By Jesse Wood
Preliminary work on the Town of Boone’s water intake project is set to begin at the intake facility near Todd in a few weeks, according to Boone Town Manager John Ward, who made the announcement at Thursday’s council meeting.
Ward said that site preparation for the intake access road included tree cutting to minimalize the environmental impact for endangered bats in the area that were identified in the environmental assessment of the project. Ward mentioned that wood cut would be donated to a local charity.
After years of planning, it looks like construction of this controversial project will finally begin.
In 2008, 73 percent of town voters approved the $25-million bond referendum for a new intake system. Two years later, the Boone Town Council accepted a $20.5 million loan from the USDA to finance the project, which included about 63,000 linear feet of line from the proposed intake in Todd to the town’s water treatment plan on Deck Hill Road, according to a 2008 article in High Country Press.
The project hit a number of roadblocks since being approved by voters.
In 2012, N.C. Rep. Jonathan Jordan tried to pass a bill through the N.C. General Assembly that would have killed the project, and at the beginning of 2013, Federal Emergency Management Authority (FEMA) halted the project because Ashe County officials declined to sign off on a required flood-mapping document related to the project after Boone officials didn’t notify Ashe County that it was financing an access road to the intake facility, which is located in Watauga County but passes through Ashe County.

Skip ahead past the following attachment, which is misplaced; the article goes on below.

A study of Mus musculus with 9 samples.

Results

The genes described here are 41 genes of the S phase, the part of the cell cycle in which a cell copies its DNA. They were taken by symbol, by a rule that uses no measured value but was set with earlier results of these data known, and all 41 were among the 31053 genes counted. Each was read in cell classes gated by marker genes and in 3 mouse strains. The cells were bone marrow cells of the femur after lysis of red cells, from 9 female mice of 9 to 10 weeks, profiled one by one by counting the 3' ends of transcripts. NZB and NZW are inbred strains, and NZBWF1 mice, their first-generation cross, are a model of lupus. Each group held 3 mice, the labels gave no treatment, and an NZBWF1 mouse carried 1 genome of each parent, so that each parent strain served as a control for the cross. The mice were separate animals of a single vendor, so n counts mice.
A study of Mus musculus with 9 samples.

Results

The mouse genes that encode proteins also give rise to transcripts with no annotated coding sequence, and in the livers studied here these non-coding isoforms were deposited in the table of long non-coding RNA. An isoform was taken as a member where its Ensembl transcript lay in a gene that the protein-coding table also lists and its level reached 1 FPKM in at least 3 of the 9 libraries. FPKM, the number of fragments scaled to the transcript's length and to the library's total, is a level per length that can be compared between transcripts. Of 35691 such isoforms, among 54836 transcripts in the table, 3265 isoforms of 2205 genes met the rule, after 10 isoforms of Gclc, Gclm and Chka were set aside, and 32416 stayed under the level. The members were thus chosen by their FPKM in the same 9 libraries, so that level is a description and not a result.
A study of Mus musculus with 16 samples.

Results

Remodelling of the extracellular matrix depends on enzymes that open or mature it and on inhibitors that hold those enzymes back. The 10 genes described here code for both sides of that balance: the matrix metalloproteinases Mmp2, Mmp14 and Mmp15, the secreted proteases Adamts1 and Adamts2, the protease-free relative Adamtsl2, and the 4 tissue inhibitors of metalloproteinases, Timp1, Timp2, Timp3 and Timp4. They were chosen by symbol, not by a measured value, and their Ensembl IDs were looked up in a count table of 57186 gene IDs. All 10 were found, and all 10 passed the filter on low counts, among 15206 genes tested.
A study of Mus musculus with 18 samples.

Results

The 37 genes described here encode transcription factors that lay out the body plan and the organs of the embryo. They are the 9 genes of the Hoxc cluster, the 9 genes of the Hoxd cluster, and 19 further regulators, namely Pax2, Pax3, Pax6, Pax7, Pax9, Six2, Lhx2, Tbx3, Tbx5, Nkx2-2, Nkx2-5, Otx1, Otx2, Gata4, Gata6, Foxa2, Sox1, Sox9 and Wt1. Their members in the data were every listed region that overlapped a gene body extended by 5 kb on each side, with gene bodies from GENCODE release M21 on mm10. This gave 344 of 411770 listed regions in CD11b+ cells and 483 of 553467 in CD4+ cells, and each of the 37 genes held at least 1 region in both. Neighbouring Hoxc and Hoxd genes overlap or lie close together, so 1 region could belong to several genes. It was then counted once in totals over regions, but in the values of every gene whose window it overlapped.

But Jordan’s bill didn’t pass and the Town of Boone was able to sidestep the need for the flood-mapping document. Last November, the Boone Town Council voted to extend the timeline of the $25 million bond agreement, which was set to expire, by three years.
In March of 2015, the Town of Boone began sending out letters to property owners along the transmission-line route, alerting them of easement negotiations in the near future. Those letters also mentioned that if a settlement couldn’t be agreed upon, then condemnation would be the only other option for the town.
Then Jordan introduced a bill preventing municipalities in only Ashe and Watauga counties from exercising eminent domain outside of its planning jurisdiction without the consent of elected officials in those counties. But the Town of Boone was able to file condemnations needed for the project the day before the bill passed and immediately went into effect.
In June and October, attorneys representing Ronald and Linda Cooper and Donald and Deveta Cooper, property owners of condemned land, filed civil lawsuits against the Town of Boone seeking an injunction against the condemnation, among other judgments.
In December, Town Attorney Allison Meade announced to Ward and Boone Town Council that a judge essentially dismissed what remained of the Cooopers’ challenge of the condemnation.